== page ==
Study Finds that Third Party Candidates “Face Long Odds”

Though its primary finding is comparable with something one might expect from The Onion, a new study by a non-profit group provides some interesting data points on third party candidates for office over the last decade. From the Executive Summary of the report by the National Institute on Money in State Politics, entitled “Third Party Candidates Face Long Odds,” via Poli-Tea:

Voters in the 2010 elections can again expect to see few third-party candidates who seek to provide alternatives to politics as usual. Those few candidates face long odds. Of the 6,181 third-party candidates registered in the last nine years, only 2 percent won their races. Moreover, the traditional advantages of money and incumbency don’t confer success onto third-party candidates to the same extent as they do mainstream party candidates.

In the last nine years, only 2 percent of third party candidates won their race
  • Third-party candidates financed their own campaigns more often, and lost more often, compared to self-financiers in the mainstream parties.
  • Candidates identifying themselves as Independent and Progressive Party candidates were most successful; candidates from the Libertarian and the Green parties were among the least.
  • Third-party candidates fared best in Vermont: 34 candidates out of 236 won seats, or 14 percent. Kentucky saw the fewest third-party candidates: only 15 filed for office during the study period 2000-2009. In California, 392 third-party candidates sought office—none won.

17 thoughts on “Study Finds that Third Party Candidates “Face Long Odds”

  1. Steven wilson

    When multiple choice ends, tyranny begins. The old way got us here. Greens, constitution, libertarian, and the rest are ready to work. But it is up to the people.

  2. Vaughn

    Each party needs more candidates. This cycle is pretty much over as far as filing to run goes. Next year it is mostly local elections, so third party candidates need to run for local office especially if there are two seats up and you vote for two.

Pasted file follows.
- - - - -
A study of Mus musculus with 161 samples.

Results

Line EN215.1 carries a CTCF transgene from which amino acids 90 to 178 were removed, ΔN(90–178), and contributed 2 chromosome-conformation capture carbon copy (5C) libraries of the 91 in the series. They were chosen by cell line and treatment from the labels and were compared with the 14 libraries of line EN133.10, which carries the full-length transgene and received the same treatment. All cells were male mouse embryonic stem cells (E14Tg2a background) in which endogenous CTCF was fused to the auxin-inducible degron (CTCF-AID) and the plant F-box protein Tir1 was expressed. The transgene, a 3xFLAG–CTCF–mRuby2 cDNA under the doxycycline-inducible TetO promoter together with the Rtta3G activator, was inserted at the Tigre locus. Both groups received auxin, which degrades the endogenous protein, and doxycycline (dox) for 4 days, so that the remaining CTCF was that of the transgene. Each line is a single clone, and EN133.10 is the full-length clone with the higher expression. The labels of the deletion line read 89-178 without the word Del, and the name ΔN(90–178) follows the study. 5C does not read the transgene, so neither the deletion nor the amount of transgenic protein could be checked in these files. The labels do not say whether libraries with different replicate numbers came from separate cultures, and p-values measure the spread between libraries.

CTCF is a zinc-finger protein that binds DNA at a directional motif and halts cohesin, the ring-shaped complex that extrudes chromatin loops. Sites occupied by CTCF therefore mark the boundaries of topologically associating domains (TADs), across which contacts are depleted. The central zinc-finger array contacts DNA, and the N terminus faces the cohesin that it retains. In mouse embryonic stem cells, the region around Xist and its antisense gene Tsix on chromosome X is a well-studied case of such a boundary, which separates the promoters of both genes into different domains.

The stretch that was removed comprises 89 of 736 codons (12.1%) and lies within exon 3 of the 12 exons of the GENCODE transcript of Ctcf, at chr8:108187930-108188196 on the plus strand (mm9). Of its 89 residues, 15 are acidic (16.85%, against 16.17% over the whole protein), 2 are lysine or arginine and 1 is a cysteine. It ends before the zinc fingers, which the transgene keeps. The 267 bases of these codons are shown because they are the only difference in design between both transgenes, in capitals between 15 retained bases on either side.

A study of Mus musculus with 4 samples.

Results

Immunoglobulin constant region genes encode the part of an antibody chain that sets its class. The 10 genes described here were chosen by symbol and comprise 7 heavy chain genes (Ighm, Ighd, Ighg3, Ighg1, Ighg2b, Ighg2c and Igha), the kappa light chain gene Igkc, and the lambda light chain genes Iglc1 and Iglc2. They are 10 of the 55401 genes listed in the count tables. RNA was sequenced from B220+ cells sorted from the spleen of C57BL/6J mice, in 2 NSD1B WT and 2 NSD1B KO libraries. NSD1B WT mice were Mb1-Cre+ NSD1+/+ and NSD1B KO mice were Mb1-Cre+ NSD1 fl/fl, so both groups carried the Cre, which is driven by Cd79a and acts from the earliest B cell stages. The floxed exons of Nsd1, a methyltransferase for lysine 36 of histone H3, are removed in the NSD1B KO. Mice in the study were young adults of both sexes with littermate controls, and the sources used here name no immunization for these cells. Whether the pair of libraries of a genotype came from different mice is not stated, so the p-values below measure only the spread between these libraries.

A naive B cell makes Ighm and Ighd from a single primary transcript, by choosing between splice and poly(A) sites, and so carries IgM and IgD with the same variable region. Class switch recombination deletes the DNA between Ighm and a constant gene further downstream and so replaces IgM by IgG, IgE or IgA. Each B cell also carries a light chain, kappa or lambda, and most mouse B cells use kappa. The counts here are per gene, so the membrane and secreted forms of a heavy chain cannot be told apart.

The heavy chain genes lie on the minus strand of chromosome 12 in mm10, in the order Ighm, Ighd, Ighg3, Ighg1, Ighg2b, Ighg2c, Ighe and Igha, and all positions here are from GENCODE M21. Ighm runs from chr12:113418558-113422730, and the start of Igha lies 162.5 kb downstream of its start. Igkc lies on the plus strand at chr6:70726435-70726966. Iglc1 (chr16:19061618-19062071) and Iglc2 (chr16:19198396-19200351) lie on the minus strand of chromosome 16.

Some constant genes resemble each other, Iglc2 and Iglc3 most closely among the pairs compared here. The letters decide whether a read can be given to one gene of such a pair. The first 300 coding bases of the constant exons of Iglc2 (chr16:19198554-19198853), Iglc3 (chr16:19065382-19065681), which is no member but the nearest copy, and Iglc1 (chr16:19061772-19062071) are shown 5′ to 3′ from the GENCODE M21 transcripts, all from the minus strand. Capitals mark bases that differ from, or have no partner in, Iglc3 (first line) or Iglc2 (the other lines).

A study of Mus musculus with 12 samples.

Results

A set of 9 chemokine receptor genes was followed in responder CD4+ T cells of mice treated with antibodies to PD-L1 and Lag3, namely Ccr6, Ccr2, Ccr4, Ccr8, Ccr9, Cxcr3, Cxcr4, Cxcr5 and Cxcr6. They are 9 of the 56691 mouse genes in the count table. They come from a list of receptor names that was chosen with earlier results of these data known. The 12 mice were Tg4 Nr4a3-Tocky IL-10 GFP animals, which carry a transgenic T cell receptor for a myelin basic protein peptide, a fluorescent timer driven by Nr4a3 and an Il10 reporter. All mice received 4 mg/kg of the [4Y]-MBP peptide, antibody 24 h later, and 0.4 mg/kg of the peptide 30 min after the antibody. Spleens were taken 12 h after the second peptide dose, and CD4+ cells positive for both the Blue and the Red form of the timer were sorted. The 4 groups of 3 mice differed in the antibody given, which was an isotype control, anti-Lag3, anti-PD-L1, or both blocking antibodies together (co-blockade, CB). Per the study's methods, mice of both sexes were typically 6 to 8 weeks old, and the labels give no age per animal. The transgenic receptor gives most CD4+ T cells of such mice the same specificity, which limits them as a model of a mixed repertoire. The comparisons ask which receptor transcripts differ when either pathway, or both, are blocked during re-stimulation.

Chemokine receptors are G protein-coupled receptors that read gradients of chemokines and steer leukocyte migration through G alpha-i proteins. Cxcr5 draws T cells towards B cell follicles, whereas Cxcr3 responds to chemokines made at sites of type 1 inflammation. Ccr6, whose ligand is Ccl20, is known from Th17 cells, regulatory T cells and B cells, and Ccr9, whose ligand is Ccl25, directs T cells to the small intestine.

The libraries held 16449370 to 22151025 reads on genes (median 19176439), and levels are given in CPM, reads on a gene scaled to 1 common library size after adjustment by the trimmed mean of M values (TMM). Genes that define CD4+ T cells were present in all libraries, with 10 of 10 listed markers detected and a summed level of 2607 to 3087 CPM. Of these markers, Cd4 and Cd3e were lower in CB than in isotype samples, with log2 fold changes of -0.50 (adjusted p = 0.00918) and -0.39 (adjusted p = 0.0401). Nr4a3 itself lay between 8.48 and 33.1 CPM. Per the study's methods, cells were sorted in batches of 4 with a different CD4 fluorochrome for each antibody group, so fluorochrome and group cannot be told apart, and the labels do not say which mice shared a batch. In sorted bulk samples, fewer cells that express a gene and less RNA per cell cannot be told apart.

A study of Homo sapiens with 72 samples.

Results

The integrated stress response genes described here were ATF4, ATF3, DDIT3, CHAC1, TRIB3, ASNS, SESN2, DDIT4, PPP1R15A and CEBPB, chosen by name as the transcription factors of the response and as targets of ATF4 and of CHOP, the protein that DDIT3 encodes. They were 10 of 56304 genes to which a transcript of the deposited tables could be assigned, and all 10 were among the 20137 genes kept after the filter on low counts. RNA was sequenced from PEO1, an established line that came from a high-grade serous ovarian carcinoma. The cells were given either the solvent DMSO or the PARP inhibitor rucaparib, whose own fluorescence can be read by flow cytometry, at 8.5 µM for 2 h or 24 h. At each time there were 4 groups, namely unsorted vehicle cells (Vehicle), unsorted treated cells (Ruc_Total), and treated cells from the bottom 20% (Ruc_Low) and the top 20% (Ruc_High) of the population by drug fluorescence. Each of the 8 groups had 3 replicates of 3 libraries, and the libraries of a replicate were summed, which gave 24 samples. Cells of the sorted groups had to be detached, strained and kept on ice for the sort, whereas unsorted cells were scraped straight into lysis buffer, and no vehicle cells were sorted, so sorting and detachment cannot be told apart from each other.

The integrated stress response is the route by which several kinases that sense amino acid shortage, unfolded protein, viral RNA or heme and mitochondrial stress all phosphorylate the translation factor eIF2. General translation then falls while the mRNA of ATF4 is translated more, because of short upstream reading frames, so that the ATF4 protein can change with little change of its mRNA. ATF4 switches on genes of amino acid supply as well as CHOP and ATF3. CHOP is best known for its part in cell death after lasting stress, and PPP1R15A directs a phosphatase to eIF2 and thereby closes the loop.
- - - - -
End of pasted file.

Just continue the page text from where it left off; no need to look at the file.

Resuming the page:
I ran for township trustee in 2009 and I was the only third party candidate I know of statewide for any township office. And there are over 4,000 township trustees. 25 signatures and $25…come on people. Get elected locally and make an impact!

  3. tiradefaction

    No surprise that Vermont is listed as the most successful for third parties. The VPP seems to be the only third party in the US with any tangible success.

  4. NewFederalist

    I would have been embarrassed to type the headline for this article. Of course “Third Parties” face long odds. Tell me something I don’t know. Duh!

  5. tiradefaction

    @ 6

    Most Americans probably don’t know that, so maybe it’s intended for a general audience?

  6. Green Party Conservative

    Thanks for the study and link.

    These are some interesting and helpful numbers to have.

    Please permit a suggestion regarding the use of verbs.

    People are elected on election day.

    Green Party candidates “WIN” by being on the ballot, and participating in the debate.

    Being in the debate helps define the debate, and only candidates on the ballot get in the debate.

    Winning is participated.

    People are “elected” on election day.

    Voters “win” by voting, and supporting candidates of their choice.

  7. d.eris

    New Fed,
    Well, I thought the headline was kinda funny as I was typing it, since it faithfully reflects the headline from the study itself. Even funnier, consider this statement from the report:

    “This publication was made possible by grants from: Ford Foundation, Foundation to Promote, Open Society, The Pew Charitable Trusts, Rockefeller Brothers Fund, Sunlight Foundation”

    Reading this, I thought, “You need six grants to figure out that third party candidates face long odds?!”

    There really are some interesting and informative details on the inside of the report though.

  8. Dale Sheldon-Hess


    So, if you can’t win, redefine “win”?

    Maybe that’s a mean thing to say, and I don’t want to come off as rude, but… I dunno, seems like giving up. And even then, often the Greens and others *are* kept out of the debate anyway, so even by your new definition, haven’t you lost anyway?

    The problem is systemic. Plurality voting can’t properly handle more than two choices. That’s why parties have primaries. That’s why we have a two-party system. And that’s why third parties “never” “win”.

    But approval voting (and score voting) can count to three.

  9. Vaughn

    So anyone else want to run and get elected for local office next year? About 10% of the local offices in my county are unfilled or have absences that go unfilled for way too long.

  10. Ross Levin

    I might run for a symbolic office in my township next year, if there is a position like that. I’m not sure if constable has any responsibilities or not where I am.

  11. paulie

    @12 Yeah, I do that all the…

    Oops, sorry, misread that, I thought you said running from officers 🙂

  12. Derek

    Third party ideas like a PLAS or FET are excellent. In terms of electoral system reform, I suggest we have voters vote for or vote against a candidate.

  13. Steve

    It’s too bad Minnesota hasn’t found a way for the IP’s strong showings in top of ticket races to trickle down to winning a bloc of seats in the legislature. Something is amiss if they can’t translate their relative success.